RSV mostly affects young children (and can cause a chest infection called bronchiolitis) but adults can also get it. Although RSV symptoms are usually mild, some children and adults get very sick and need hospital treatment. There is no vaccine for RSV.
Respiratory syncytial virus, or RSV, is a virus that causes respiratory infections. Infections usually peak in late autumn or winter in NSW.
RSV can occur in children and adults. It can cause a cold with runny nose, sneezing, sore throat, fever and headache and also cough, wheezing and difficulty breathing.
Almost all children will have been infected by the age of 3 years. Recovery from RSV gives some immunity against getting infected again but is not long-lasting.
For most people, RSV infection causes a mild respiratory illness. Symptoms usually begin around 5 days after exposure to the virus and can get worse over the first 3 to 4 days of the illness before an improvement. Symptoms can include:
RSV can also cause wheezing and difficulty breathing.
Babies under one year of age are more likely to develop breathing problems such as
pneumonia. They can be unsettled and have difficulty feeding.
Young children may develop wheeze and difficulty breathing.
Older children and adults may also have breathing problems, especially if they have chronic heart, lung or immune problems. Some babies, children and older adults may need admission to hospital to help their breathing or hydration.
Monitoring RSV symptoms below for symptom management in children and adults.
RSV is highly infectious. It can be spread through
A person is usually infectious for 3 - 8 days after symptoms begin but this may be longer in someone who has a weakened immune system.
RSV can affect anyone but usually causes a mild infection.
Some babies need admission to hospital to help their breathing and hydration, especially if they have lung, heart or immune problems or were born prematurely.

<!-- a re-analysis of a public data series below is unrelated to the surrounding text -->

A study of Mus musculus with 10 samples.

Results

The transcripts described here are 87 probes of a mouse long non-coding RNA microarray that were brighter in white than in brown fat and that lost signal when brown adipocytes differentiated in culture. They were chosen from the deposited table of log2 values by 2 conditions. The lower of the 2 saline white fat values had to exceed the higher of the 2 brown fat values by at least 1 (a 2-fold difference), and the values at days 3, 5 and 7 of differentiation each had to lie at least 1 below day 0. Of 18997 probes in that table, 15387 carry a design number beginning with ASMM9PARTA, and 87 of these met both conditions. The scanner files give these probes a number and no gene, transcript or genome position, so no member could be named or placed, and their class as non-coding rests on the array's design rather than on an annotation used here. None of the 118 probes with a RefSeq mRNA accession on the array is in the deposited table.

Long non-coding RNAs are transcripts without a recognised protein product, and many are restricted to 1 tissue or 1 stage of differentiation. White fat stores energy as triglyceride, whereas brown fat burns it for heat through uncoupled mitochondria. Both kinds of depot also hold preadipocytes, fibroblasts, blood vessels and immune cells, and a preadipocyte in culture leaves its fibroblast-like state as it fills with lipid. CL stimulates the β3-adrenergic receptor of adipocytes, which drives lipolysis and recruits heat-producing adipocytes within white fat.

Children with viral wheeze or asthma may have symptoms triggered by RSV.
Older adults, especially those with chronic heart or lung disease or weakened immune systems may also become unwell with RSV.
There are currently no vaccines available for RSV.
The best way to help stop the virus spreading is for everyone to always practice good hygiene, especially if you have flu-like symptoms:
The virus can survive on surfaces or objects for about 4 to 7 hours. It is therefore important to:
Residential aged care facilities should:
Most children with coughs, colds and breathing problems can be diagnosed by their doctor. The virus can be identified by a PCR test (nose or throat swab).
Some pathology providers test for multiple viruses and may send you test results for RSV, influenza and COVID-19 at the same time.
Most people's immune system will fight off the infection. Most symptoms are mild and can be managed with:
Continue to take any medications you have been prescribed as usual. If you are unsure about continuing to take your current medication or treatment, or have any concerns about your health, call your doctor.
Sometimes both children and older adults may need to be hospitalised and treated with intravenous fluids and extra oxygen.
Antibiotics will not help the infection unless there is a secondary bacterial infection.
RSV can cause a chest infection called bronchiolitis. Babies with bronchiolitis can usually be managed at home. Visit the Sydney Children's Hospitals Network website for bronchiolitis information and resources including videos with a health expert.
Call healthdirect on 1800 022 222 for free 24 hour health advice or make an appointment for your baby to see a GP if:
RSV is became a notifiable disease from 1 September 2022. Trends in reports from selected laboratories are monitored each winter and reported in NSW Health Influenza Surveillance Reports along with surveillance data on presentations of bronchiolitis to emergency departments.
If you or your child has symptoms of RSV and you are concerned, speak to your doctor. They know you and your child best.
You can also call healthdirect on 1800 022 222 for free 24 hour health advice or speak to your local pharmacist.